Disconnection Notice review by Goldfinger

  • Sound: 8
  • Lyrics: 6
  • Overall Impression: 8
  • Reviewer's score: 7.3 Good
  • Users' score: 8.8 (6 votes)
Goldfinger: Disconnection Notice
1

Sound — 8
Finally Goldfinger have released the follow up to "Open Your Eyes." Anybody expecting "Disconnection Notice" to be "Open Your Eyes Part II" need not listen to this album, as Goldfinger have altered their style once more, releasing a lighter, more pop orientated album. Keyboards are more prominent, the guitars use the soft verse/loud chorus formula which has become popular with many pop-punk bands, and the songs have generally become happier, loosing the angry, buzzsaw guitars and hard rock undertones of "Open Your Eyes."

Lyrics — 6
The lyrics aren't bad and in my opinion, John Feldman is a good frontman. However, for a lot of the songs, the lyrics are merely average, which dissapointed me. There are some good songs lyrically on the album, but much of the album is more focused on writing catchy hooks and hummable melodies. The exception being "Behind The Mask" which is an interesting listen, from the British woman talking about anti-vegetarianism to the old school Goldfinger ska-sound. Before I move on, I have to give props to "Wasted" which genuinely made me laugh.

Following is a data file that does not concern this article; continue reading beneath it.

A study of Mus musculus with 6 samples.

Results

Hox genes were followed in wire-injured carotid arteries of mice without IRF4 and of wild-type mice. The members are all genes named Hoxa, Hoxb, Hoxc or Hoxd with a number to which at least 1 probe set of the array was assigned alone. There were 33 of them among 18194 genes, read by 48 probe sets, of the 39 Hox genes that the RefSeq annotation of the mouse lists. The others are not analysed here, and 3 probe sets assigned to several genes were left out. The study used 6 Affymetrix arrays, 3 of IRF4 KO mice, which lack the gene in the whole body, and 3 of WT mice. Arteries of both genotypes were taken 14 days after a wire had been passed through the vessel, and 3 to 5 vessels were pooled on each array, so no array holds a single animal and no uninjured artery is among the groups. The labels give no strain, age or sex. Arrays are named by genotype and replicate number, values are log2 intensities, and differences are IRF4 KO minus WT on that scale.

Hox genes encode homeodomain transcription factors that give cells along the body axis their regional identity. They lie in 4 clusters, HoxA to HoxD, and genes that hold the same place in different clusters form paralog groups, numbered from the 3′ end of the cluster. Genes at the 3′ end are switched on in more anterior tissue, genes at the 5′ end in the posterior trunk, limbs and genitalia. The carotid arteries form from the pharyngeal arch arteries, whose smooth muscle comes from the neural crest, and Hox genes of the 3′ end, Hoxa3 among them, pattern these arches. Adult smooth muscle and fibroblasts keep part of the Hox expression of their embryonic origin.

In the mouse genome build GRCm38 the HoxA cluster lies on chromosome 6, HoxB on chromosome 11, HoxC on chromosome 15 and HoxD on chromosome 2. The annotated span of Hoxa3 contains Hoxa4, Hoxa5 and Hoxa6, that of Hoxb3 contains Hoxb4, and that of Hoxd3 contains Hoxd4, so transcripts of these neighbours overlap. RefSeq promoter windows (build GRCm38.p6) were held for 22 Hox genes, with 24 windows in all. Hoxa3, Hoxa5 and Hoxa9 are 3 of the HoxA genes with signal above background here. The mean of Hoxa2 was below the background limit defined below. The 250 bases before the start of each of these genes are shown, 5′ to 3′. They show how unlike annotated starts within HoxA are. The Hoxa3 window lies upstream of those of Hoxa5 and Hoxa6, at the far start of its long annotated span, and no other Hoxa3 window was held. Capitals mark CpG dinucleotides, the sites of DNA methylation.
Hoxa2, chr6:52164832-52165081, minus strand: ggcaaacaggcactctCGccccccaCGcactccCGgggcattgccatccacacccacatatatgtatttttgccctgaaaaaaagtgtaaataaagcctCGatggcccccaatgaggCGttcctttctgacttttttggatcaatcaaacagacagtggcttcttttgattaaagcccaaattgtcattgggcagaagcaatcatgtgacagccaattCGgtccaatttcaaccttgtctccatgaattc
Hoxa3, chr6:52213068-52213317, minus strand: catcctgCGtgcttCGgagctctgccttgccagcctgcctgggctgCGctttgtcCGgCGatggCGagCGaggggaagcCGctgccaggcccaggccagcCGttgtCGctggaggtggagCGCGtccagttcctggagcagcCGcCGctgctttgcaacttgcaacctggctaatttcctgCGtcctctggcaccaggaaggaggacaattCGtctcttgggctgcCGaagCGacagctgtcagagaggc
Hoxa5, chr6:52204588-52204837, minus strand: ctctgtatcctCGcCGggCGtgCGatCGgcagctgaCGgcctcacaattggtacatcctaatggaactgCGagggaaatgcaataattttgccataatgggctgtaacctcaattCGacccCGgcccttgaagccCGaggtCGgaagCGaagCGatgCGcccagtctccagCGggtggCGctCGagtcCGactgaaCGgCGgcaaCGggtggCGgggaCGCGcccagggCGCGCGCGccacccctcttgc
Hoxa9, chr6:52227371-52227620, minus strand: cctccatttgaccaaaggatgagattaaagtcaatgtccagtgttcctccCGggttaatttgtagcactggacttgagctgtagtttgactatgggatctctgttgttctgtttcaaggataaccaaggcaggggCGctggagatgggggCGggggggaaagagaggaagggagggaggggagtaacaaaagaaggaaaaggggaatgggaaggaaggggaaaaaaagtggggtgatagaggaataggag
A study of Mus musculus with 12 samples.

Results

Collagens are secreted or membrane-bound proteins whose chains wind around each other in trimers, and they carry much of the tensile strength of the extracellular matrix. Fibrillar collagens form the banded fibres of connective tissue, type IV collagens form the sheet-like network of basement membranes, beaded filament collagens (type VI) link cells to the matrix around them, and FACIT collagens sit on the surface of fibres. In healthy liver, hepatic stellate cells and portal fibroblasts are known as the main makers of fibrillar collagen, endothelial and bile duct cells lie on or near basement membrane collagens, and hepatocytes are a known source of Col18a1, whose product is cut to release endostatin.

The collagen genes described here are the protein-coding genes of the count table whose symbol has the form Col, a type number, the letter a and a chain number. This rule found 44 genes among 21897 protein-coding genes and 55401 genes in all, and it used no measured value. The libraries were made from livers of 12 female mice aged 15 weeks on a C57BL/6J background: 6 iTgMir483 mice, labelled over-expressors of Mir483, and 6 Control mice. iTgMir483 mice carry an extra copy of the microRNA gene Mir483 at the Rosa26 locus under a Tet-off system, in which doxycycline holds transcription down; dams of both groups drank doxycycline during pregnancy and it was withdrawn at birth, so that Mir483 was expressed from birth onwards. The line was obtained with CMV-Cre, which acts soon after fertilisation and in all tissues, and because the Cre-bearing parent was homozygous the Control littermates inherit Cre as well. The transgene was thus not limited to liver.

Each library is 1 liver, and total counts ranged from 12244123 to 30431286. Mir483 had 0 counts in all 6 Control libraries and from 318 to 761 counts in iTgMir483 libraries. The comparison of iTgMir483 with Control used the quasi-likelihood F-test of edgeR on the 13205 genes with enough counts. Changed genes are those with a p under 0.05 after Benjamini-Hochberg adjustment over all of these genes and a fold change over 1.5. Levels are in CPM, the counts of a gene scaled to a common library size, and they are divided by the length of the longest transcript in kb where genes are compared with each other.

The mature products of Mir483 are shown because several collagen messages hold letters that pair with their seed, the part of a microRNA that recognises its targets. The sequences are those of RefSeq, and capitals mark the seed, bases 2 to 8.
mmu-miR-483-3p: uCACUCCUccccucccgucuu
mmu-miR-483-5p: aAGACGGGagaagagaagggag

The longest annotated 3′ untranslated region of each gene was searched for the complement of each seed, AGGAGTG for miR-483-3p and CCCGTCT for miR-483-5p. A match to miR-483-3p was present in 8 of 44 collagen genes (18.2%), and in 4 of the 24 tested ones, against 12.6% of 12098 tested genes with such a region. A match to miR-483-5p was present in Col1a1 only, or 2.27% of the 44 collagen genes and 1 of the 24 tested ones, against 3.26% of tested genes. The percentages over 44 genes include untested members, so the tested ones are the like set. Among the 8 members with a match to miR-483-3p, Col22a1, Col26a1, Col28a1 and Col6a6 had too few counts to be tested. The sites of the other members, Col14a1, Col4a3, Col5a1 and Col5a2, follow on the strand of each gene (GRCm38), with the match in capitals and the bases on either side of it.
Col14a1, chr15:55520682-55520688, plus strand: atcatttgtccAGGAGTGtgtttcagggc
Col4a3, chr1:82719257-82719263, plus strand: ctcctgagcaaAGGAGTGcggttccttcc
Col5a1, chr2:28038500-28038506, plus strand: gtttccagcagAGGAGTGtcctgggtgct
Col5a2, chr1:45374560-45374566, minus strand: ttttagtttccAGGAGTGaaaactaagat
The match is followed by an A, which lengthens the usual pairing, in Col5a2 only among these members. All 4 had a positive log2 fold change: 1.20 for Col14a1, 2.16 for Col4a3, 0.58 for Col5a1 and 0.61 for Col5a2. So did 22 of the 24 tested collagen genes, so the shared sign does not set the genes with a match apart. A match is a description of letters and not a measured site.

Overall Impression — 8
John Feldman has produced albums with Good Charlotte and Mest, and his influence on their albums has rubbed off on Goldfinger, as this album is very pop-punk orientated. In my opinion, this is a welcome change from the politically charged punk rock of their previous release, however, this album doesn't excite me like Goldfinger's self titled release did. Best songs: Stalker (hillarious and catchy), Iron Fist (don't judge this song by it's title, it has hints of surf music and is a nice listen) and Damaged (a refreshing change on this album from the relentlessly upbeat power-pop songs). Verdict: a good album, but in comparison to their other releases, a bit of a weak effort. Kudos for experimenting with other styles, but Goldfinger could do much better, and hopefully will with future releases.